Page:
WhatsApp has added another way for users to stay in touch, with a new desktop app for Windows PCs.

As you can see here, the new WhatsApp for Windows, which is now available in the Microsoft store, provides another means to log into your WhatsApp chats via your PC, in a more integrated, streamlined manner.

As explained by WhatsApp:

“WhatsApp Desktop users have been using our web-based desktop app (WhatsApp Desktop) or our browser-based app (WhatsApp Web). As we’re always trying to improve the WhatsApp experience for our users, we’re developing apps native to Windows and Mac operating systems.”

Indeed, desktop users, including businesses, have been able to log in to WhatsApp for some time, so functionally, this is not a major shift. But the new native Windows app will provide increased reliability and speed, while also facilitating more integrated notifications, and better design, which is optimized for desktop systems.

That could make it easier to keep track of all of your various social engagements in one place, while for brands, it will also help to further integrate your customer service efforts into a more centralized hub, with all of your key platforms accessible from your main workstation.

Which could be particularly important, given that more and more sharing activity is switching to private chats.


Just recently, Instagram chief Adam Mosseri noted that ‘all the growth in photos and videos from friends has been in stories and in DMs’.

People are not as interested in public engagement as they once were, which is why providing more means to connect via DMs is important – and for brands, facilitating such within your process could be key to maximizing conversion.

As such, why adding WhatsApp connection on desktop could be significant, and it’s worth considering how it might fit into your broader social management system.

In addition to this, WhatsApp also says that a native Mac version of the platform is also in development (you can download the beta version here).





In news that will surprise no-one, Meta has today confirmed that it’s shutting down its ‘Bulletin’ newsletter platform, just 18 months after its initial launch.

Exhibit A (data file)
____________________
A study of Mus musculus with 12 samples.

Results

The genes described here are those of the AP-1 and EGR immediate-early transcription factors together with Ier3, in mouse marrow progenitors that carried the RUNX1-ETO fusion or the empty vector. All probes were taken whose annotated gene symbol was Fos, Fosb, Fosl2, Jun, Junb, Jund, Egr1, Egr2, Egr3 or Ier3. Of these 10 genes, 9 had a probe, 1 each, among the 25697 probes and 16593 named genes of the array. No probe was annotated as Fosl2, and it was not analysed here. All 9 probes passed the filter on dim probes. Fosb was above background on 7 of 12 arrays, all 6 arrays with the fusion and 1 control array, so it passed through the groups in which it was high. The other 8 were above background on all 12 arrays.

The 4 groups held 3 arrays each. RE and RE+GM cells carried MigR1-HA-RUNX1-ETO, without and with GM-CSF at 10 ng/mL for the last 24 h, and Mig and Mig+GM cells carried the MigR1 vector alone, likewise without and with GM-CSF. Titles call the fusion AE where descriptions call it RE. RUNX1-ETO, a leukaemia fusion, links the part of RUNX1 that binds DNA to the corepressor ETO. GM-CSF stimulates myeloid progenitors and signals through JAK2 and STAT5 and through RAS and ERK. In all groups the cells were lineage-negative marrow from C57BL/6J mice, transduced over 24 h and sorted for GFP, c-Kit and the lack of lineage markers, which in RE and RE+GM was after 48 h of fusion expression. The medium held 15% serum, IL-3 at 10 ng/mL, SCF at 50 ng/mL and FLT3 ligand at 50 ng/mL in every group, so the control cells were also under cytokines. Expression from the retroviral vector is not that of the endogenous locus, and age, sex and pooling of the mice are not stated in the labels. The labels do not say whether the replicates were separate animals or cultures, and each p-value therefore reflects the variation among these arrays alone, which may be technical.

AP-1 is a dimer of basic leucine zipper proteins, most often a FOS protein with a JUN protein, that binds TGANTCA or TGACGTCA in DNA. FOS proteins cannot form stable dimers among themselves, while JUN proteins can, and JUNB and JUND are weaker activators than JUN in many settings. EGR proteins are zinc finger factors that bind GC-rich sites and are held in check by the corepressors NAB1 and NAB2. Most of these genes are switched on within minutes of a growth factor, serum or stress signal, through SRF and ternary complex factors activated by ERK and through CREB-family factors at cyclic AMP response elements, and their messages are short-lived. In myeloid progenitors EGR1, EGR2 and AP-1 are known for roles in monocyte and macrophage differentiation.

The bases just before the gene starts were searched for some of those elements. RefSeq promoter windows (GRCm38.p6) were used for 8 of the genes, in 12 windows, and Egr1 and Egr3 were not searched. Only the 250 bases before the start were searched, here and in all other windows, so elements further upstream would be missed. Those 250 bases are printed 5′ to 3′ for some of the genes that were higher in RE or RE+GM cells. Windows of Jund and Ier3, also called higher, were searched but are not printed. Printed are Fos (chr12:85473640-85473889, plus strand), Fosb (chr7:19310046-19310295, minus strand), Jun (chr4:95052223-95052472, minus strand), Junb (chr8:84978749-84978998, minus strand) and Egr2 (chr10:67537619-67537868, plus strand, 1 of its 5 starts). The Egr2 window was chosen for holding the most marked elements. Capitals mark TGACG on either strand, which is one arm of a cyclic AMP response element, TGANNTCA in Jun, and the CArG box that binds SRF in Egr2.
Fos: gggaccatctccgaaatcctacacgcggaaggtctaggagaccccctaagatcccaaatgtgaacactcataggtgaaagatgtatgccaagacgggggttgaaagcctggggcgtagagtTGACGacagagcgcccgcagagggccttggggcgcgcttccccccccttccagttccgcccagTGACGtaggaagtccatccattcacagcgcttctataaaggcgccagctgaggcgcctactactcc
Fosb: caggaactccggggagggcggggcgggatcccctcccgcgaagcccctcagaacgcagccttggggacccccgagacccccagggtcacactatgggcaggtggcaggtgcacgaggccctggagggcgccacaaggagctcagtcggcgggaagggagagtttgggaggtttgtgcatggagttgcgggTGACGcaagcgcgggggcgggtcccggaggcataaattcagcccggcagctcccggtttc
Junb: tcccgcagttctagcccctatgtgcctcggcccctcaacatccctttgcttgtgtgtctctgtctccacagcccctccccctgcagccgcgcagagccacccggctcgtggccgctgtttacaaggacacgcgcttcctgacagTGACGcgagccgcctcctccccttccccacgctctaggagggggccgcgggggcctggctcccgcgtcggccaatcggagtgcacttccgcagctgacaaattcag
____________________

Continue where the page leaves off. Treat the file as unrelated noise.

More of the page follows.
Another sign of Meta’s fleeting interest in the latest trends, the company launched Bulletin in April 2021, as part of an effort to take a piece of the growing newsletter market, with platforms like Substack seeing massive growth in facilitating direct connection between writers and their audiences. Twitter also acquired newsletter platform Revue, and it had seemed, at the time, that newsletters could offer a new, supplementary income stream for creators, aligned with social apps.

In addition to this, Meta also saw an opportunity to provide a platform for local publications that had been shut down due to the pandemic. With ad dollars from local businesses drying up, due to lockdown measures, many smaller publications had to shut down, and Meta viewed this as a chance to make Facebook an even more critical element of community engagement, by providing a direct pathway for independent journalists to serve their audiences through the app.

As part of its initial push, Meta allocated $5 million in funding for local publications to convert to Bulletin instead.

And it sort of worked. Bulletin, at last at one stage, supported over 115 publications, with more than half of the creators on the platform reaching over 1,000 subscribers.

But this year, amid tougher market conditions, Meta lost interest.

The company has been gradually scaling back its investment in news and original content in recent months. Back in July, The Wall Street Journal reported that Meta had reallocated resources from both its Facebook News tab and Bulletin, in order to ‘heighten their focus on building a more robust Creator economy’


As a result, Meta says that it will shut down Bulletin by early next year.

As per Meta:

“Bulletin has allowed us to learn about the relationship between Creators and their audiences and how to better support them in building their community on Facebook. While this off-platform product itself is ending, we remain committed to supporting these and other Creators’ success and growth on our platform.”

So long as they create Reels, I guess.

Again, the decision here is no surprise, but it does serve as another reminder that Meta chases whatever trends it can, and it has no real, long-term commitment on any of its new pushes.

Video is the thing, as it has been several times before, and Meta will keep pushing that till audiences lose interest. Then it’ll be something else that Meta’s pitching to brands, publishers, users, etc.

Logically, Meta follows the latest trends in order to maximize the benefit of such within its tools. But it is worth noting that, when it does lose interest, it tends to move on entirely, leaving anyone who’s invested in its last whim out in the cold.


‘Don’t build on rented land’. ‘Don’t put all of your eggs in one basket’. Don’t trust social platforms to keep supporting that feature or platform that you’ve come to rely on.

The closure of Bulletin may seem like a side note to many, but it’s an important reminder that you need to diversify your strategy to avoid such impacts.